Treasure Coast Newspapers seeks an aggressive education reporter to cover three school districts: Martin, St. Lucie and Indian River. We focus on enterprise, analysis and investigations on regional issues, particularly revealing how districts spend taxpayer money and how effectively schools educate students. We heavily emphasize social media, digital storytelling and digital-first, real-time reporting. The ideal candidate would have at least 3 years’ experience as a newspaper reporter and some experience covering education. A clean valid Florida driver’s license is required.
The multimedia engagement journalist will find alternative and innovative ways to present news and features on IdahoEdNews.org, using video, photos and graphics. The incumbent in this position will write, report and investigate Idaho public education with an emphasis on alternative presentation. The incumbent in this position also will drive public awareness of education issues using social media. IdahoEdNews.org is an independent news site devoted to Idaho public education.
The Reporter position will be responsible for both original enterprise stories and custom versions of mainstream media stories pertaining to education policy. Topics will include, but not be limited to: teacher evaluation, tenure reform, charter schools, vouchers, tax credit scholarships, online learning, homeschooling, inter-district choice, parent trigger, school funding, Common Core state standards, student assessments and teacher unions.
The Director of Media Relations will manage all media relationships at the National Association of Charter School Authorizers (NACSA). The Director will oversee the daily management of media relations while also forming innovative partnerships and working to change public opinion on difficult education issues.
The Chamberlin Family Foundation is seeking a Manager of Communications to advance the discourse on public education and build a renewed focus on exceptional public schools for all children in West Contra Costa.
The Deseret News seeks a talented writer to produce beat and enterprise stories about trends in education, from pre-school to advanced degrees in a multi-platform newsroom, featuring print, web, radio and TV journalists collaborating on enterprise reporting and breaking news. We are looking for a journalist with a proven track record, showing innovation, creativity, investigative work and an ability to process data and find stories beyond the numbers.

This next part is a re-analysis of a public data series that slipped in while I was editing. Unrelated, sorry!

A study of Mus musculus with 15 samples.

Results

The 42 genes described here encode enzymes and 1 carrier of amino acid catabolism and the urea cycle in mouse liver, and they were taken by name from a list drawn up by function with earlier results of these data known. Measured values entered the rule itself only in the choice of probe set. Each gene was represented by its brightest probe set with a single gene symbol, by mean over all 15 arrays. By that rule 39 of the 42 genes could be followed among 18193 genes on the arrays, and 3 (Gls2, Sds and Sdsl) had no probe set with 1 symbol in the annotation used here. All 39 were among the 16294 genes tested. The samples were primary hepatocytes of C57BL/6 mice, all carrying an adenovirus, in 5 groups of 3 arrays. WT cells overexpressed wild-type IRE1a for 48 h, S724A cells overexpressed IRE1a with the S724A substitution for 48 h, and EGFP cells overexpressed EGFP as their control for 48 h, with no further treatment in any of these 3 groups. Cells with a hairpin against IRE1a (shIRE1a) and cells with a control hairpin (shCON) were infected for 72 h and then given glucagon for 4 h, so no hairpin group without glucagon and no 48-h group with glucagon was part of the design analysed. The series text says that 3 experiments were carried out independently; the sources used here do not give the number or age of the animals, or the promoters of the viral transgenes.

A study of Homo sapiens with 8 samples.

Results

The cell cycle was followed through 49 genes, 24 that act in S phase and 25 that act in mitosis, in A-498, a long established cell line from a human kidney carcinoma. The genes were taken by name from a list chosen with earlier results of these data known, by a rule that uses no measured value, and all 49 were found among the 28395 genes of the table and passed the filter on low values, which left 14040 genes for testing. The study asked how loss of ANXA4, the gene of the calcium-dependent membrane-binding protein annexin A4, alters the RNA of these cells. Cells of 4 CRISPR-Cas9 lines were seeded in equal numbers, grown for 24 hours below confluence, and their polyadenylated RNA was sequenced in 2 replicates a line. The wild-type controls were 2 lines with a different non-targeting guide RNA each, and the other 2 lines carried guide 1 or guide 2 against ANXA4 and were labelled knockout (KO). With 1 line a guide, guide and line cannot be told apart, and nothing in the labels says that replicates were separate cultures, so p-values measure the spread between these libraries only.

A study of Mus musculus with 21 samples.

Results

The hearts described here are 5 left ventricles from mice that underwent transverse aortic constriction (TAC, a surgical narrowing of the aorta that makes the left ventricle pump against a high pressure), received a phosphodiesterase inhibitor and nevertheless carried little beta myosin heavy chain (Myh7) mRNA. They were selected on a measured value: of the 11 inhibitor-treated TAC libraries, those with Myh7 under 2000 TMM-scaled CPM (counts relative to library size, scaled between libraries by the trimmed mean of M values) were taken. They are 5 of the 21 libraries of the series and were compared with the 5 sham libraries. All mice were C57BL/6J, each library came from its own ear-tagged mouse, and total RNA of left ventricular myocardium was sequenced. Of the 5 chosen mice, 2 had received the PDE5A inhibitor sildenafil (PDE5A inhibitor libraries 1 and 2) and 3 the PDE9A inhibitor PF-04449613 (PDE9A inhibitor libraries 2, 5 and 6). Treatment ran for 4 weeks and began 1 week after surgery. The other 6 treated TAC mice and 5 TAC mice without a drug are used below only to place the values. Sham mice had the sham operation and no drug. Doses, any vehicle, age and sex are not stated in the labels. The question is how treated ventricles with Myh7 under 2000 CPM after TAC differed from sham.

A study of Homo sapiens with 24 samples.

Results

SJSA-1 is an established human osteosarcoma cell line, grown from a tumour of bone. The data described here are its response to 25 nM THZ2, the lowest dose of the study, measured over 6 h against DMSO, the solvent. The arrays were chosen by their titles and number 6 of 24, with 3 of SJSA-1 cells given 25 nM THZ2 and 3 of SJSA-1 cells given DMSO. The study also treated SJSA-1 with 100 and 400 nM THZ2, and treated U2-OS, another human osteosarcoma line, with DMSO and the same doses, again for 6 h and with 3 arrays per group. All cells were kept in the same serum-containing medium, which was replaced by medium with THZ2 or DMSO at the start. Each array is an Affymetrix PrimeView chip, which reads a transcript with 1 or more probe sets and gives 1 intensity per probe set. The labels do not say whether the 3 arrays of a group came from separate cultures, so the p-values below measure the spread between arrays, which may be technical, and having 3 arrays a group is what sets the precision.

This fulltime temporary position is responsible for reporting on education-related topics in the state of Delaware. This reporter will have the opportunity to cover education related issues in Delaware such as “Race to the Top,” the cost of higher education, and alternatives to traditional education systems and practices. Candidates should have a knowledge of the Delaware education system and three to five years of broadcast, web, or newspaper reporting experience. The education reporter should be an engaging story teller with strong reporting and writing abilities.
The Indianapolis Star/IndyStar.com is looking for a reporter who wants to make a difference by holding accountable the people and entities we entrust to provide a quality education. Little is of more importance to a community than ensuring people of all ages – from pre-school through college — have the best educational opportunity possible.
If tough school discipline measures are meant to maintain stability in the classroom, then a new definition of stable might be in order: A new study argues high use of suspensions and expulsions brings down all students – even the ones who behave well.
A researcher with the Albert Shanker Institute flagged the study, which was published this month in the American Sociological Review. Here’s more on the paper from the Shanker Institute scholar Esther Quintero:
December 18, 2014Trevon Milliard of the Las Vegas Review Journal for EWA
From California to New York, educators have by and large maintained their support for the Common Core State Standards after putting the new grade-level expectations into action. But the new tests are another story, according to a panel of experts speaking at a recent EWA seminar at Stanford University.
Just like journalists need to know the important questions to ask on the education beat, parents do, too.
That’s the spirit behind a joint initiative by The Dallas Morning News, Al Día — it’s Spanish publication — and Southern Methodist University to get Hispanic parents involved in their children’s education.
As tools and data profiles of students become easier to use, are teachers sufficiently data literate to make sense of the information at their fingertips? Do teachers have the skills and access to data in useful formats, and are the school leaders and institutions responsible for their professional development providing them the training they need?
December 15, 2014Eric Gorski of The Denver Post for EWA
By now, many education reporters have written many times over about a new generation of standardized tests coming this spring. Most of the time, reporters have little space and use shorthand to explain that the exams are supposed to be more rigorous and measure critical thinking. Often, there is too much telling and not enough showing.